Over the last decade, energy drinks — such as Red Bull, Monster and Rockstar — have become nearly ubiquitous on college campuses. The global market for these types of drinks currently exceeds $3 billion a year and new products are introduced annually.
Although few researchers have examined energy drink consumption, a researcher at the University at Buffalo's Research Institute on Addictions (RIA) has been investigating links between energy drinks and public health concerns like substance abuse and risky behaviors.
Two new research reports by RIA Research Scientist Kathleen E. Miller, Ph.D., examine the relationships between energy drink consumption and risk-taking in college students as well as "toxic jock identity" — characterized by hyper-masculinity and risk-taking behaviors among college-age athletes.
Miller's research validates and expands upon existing concerns about energy drink consumption: "The principal target demographic for energy drinks is young adults ages 18-25, but they're nearly as common among younger teens," she explains. "This is a concern because energy drinks typically contain three times the caffeine of a soft drink, and in some cases, up to 10 times as much. They also include ingredients with potential interactions such as taurine and other amino acids, massive doses of vitamins, and plant and herbal extracts."
Miller is a sociologist and an adjunct research assistant professor in the Department of Sociology in UB's College of Arts and Sciences. The research was funded by a $471,000 grant by the National Institute on Drug Abuse.
In the first set of results published online in June in the Journal of Adolescent Health, Miller identified links between energy drink consumption, risky substance use and sexual risk-taking.
Frequent energy drink consumers (six or more days a month), according to Miller's findings, were approximately three times as likely than less-frequent energy drink consumers or non-consumers to have smoked cigarettes, abused prescription drugs and been in a serious physical fight in the year prior to the survey.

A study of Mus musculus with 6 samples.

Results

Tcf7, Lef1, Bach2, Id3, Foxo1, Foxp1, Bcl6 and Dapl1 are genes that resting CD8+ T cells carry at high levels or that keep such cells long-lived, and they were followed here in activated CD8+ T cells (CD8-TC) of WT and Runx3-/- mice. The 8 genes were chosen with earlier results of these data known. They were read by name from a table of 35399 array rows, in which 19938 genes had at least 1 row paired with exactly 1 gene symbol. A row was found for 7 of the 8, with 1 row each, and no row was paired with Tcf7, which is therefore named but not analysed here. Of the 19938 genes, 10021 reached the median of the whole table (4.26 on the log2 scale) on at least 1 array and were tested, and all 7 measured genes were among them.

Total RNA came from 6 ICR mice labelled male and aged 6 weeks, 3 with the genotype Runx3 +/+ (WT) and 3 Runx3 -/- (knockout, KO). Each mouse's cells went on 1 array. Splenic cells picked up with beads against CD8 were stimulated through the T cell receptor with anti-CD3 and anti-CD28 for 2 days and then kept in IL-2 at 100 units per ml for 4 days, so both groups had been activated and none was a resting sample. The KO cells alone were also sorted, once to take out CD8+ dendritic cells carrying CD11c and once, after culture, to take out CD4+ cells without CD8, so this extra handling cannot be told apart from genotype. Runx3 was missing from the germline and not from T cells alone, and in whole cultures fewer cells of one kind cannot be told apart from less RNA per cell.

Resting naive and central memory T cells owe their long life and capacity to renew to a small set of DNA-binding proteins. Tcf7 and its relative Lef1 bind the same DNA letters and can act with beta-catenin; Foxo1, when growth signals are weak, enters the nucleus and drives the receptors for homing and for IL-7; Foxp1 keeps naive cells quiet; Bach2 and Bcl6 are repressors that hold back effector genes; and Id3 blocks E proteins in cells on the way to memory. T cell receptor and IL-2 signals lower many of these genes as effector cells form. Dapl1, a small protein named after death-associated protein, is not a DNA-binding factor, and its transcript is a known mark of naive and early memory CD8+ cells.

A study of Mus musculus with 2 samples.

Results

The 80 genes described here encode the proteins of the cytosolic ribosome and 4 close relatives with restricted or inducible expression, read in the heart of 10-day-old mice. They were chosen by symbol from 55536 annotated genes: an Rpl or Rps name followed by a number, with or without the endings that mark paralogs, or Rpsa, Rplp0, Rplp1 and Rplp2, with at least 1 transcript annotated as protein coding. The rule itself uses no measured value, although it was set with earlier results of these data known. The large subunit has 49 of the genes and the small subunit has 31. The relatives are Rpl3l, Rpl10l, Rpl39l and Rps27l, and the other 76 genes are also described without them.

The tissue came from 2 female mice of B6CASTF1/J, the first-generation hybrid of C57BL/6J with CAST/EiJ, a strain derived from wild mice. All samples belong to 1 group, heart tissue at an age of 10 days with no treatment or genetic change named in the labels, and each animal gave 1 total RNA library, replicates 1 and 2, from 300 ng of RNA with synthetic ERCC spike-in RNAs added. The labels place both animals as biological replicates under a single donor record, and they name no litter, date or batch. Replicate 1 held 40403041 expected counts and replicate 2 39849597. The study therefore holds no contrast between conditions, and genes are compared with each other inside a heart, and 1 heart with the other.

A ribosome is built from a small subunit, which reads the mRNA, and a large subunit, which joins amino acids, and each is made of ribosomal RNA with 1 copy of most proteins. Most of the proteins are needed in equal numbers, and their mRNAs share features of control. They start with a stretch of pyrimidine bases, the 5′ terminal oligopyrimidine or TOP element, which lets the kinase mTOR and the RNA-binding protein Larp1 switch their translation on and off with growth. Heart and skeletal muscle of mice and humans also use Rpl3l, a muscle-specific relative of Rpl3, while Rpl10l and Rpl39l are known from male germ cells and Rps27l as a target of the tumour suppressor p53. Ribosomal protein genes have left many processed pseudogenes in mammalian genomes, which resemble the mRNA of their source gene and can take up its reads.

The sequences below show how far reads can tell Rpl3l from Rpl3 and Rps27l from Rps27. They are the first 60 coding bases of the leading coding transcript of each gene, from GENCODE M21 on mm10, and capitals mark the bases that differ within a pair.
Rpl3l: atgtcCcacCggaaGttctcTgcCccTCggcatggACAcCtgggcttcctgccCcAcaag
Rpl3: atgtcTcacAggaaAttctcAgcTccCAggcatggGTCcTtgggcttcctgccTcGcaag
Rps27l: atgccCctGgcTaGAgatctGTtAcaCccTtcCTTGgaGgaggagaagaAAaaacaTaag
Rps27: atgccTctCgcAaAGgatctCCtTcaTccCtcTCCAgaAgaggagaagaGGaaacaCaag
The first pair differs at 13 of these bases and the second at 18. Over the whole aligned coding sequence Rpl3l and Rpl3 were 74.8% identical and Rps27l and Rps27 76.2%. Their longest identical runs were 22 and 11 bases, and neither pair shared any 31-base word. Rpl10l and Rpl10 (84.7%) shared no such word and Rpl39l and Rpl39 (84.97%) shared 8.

They reported drinking alcohol,having alcohol-related problems and using marijuana about twice as often as non-consumers. They were also more likely to engage in other forms of risk-taking, including unsafe sex, not using a seatbelt, participating in an extreme sport and doing something dangerous on a dare. The associations with smoking, drinking, alcohol problems and illicit prescription use were found for white but not African-American students.
According to Miller, these findings suggest that frequent energy drink consumption may serve as a useful screening indicator to identify students at risk for what scientists call "problem behavior syndrome."
"Energy drink consumption is correlated with substance use, unsafe sexual activity and several other forms of risk-taking," Miller notes.
"For parents and college officials, frequent energy drink consumption may be a red flag or warning sign for identifying a young person at higher risk for health-compromising behavior.”
In the wake of several recent deaths linked to energy drinks, a number of countries have instituted restrictions on their use. Some, like France, Turkey, Denmark, Norway, Uruguay and Iceland ban high-caffeine/taurine energy drinks altogether, Miller notes. Sweden only permits them to be sold in pharmacies as medicinal products.
Canada, which banned these drinks until 2004, now requires warning labels cautioning against use by children or pregnant women, use in large quantities or use with alcohol. However, energy drink consumption remains unregulated in the United States.